Friday, October 29, 2021

20 State Attorneys General Sue USPS

On October 1, 2021 Postmaster General Louis DeJoy officially implemented his sweeping 10-year USPS restructuring plan that slows mail delivery while making it much more expensive to mail letters and packages. In mid-October twenty state attorneys general filed a complaint over DeJoy’s plan. 

The AG’s suit against the Postal Regulatory Commission (PRC) argues that the Postal Service didn’t fully vet DeJoy’s 10-year plan. “The Plan will transform virtually every aspect of the Postal Service… rework how the Postal Service transports mail and other products; overhaul its processing and logistics network; enact slower service standards for First-Class Mail and Periodicals and First-Class Packages Services; reconfigure the location of places where customers can obtain postal products and services; and adjust rates,” the attorneys general said in a joint statement.

“Postmaster General DeJoy’s plan to transform the Postal Service will impact mail delivery for everyone in Pennsylvania and across the nation,” said Pennsylvania AG Josh Shapiro. “This plan is being enacted without any meaningful oversight and review, and the Postal Regulatory Commission, states, experts, and the public deserve to have their voices heard.”

DeJoy’s “radical” plan could “destroy the timely mail service that people depend on for medications, bill payments, and business operations in rural parts of the state,” North Carolina Attorney General Josh Stein said in a separate statement.

The complaint charges that the DeJoy plan “reflects multiple unprecedented changes in the Postal Service’s operations and service, at a time when reliance on the mail remains at historic levels, and states across the country are grappling with a resurgence of COVID-19 cases caused by the Delta variant.” The AGs argue that “[t]o date, the Postal Service has only submitted two requests for an advisory opinion to the Commission on important but narrow changes that represent only a small portion of the Plan’s scope.”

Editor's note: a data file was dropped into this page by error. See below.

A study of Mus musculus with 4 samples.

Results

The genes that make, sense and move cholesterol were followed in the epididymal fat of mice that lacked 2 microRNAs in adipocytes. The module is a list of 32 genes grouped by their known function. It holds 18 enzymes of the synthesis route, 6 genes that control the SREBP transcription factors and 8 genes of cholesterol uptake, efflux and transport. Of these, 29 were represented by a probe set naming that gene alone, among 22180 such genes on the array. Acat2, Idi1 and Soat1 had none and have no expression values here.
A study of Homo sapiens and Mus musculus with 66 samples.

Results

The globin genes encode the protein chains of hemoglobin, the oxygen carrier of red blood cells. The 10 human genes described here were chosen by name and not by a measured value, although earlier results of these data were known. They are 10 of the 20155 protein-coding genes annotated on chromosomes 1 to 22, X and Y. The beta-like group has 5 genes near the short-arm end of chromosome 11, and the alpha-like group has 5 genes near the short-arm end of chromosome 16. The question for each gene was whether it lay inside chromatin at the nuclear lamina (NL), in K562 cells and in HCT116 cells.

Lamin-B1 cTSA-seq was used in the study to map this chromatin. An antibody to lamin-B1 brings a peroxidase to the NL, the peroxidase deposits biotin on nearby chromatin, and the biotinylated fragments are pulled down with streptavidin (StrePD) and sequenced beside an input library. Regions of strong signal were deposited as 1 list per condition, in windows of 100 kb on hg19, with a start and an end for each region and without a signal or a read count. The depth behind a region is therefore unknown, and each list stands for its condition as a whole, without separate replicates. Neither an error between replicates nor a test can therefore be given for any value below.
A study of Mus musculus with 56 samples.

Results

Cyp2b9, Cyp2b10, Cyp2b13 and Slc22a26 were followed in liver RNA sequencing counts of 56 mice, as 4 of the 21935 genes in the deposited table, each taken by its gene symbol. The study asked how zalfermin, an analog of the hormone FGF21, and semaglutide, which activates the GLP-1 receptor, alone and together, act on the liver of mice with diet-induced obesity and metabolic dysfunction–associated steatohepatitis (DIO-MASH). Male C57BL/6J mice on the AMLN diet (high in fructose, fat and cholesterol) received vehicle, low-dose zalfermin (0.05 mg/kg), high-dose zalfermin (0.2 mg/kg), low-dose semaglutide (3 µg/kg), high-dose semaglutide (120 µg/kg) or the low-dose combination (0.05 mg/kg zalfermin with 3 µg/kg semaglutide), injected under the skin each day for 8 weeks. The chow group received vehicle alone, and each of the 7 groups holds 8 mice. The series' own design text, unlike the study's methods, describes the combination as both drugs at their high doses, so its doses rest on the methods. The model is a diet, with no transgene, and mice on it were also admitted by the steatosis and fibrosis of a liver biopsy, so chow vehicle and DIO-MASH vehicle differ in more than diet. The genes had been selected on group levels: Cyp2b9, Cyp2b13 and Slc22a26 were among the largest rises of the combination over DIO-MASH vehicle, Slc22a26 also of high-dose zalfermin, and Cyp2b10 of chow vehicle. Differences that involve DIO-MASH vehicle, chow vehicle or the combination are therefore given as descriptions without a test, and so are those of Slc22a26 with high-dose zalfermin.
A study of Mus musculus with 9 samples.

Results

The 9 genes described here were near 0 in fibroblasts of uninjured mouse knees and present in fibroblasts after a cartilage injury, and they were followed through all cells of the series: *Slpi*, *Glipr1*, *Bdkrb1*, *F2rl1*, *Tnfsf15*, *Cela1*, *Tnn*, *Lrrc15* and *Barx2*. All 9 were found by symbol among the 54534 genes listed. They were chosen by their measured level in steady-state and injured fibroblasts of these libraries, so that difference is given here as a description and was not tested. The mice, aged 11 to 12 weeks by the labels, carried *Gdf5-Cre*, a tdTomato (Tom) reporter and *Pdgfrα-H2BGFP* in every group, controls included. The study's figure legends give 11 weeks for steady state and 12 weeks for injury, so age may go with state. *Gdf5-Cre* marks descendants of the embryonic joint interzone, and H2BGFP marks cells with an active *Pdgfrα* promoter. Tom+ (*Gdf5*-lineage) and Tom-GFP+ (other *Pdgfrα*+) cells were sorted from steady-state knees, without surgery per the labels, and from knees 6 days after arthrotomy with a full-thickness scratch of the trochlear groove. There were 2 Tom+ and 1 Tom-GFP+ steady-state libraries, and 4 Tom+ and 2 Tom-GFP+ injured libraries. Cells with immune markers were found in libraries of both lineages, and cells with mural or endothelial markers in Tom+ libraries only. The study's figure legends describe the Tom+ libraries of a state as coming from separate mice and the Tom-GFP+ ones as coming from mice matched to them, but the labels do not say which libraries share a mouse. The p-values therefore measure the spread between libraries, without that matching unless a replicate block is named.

“Implementing the full breadth of these changes without adhering to the process set forth in section 3661(b) deprives users of the mail of their statutory rights, and undermines public accountability,” the complaint asserts. “In addition, failing to seek the Commission’s expert review on such a transformational change upsets the statutory balance established by the [Postal Regulatory Act], deprives the Postal Service of the Commission’s expert recommendations, risks significant errors in the Postal Service’s decision-making, and ultimately harms all who rely on the Postal Service for timely and efficient mail.”

Earlier this year, in June, the the state AGs sent a letter to the PRC asking the commission to reject DeJoy’s proposed plan. The the letter thestate AGs said the plan reflects a “flawed philosophy that would prioritize the services it offers in competitive markets over those that it alone provides and on which countless Americans depend.” They argued that purposely delaying mail delivery would violate the USPS’s statutory duty to provide “regular and effective” access to postal services for everyone, mainly rural areas, and pointed out that the mail delays and USPS crisis experienced last year were found to be unlawfulby four different federal judges.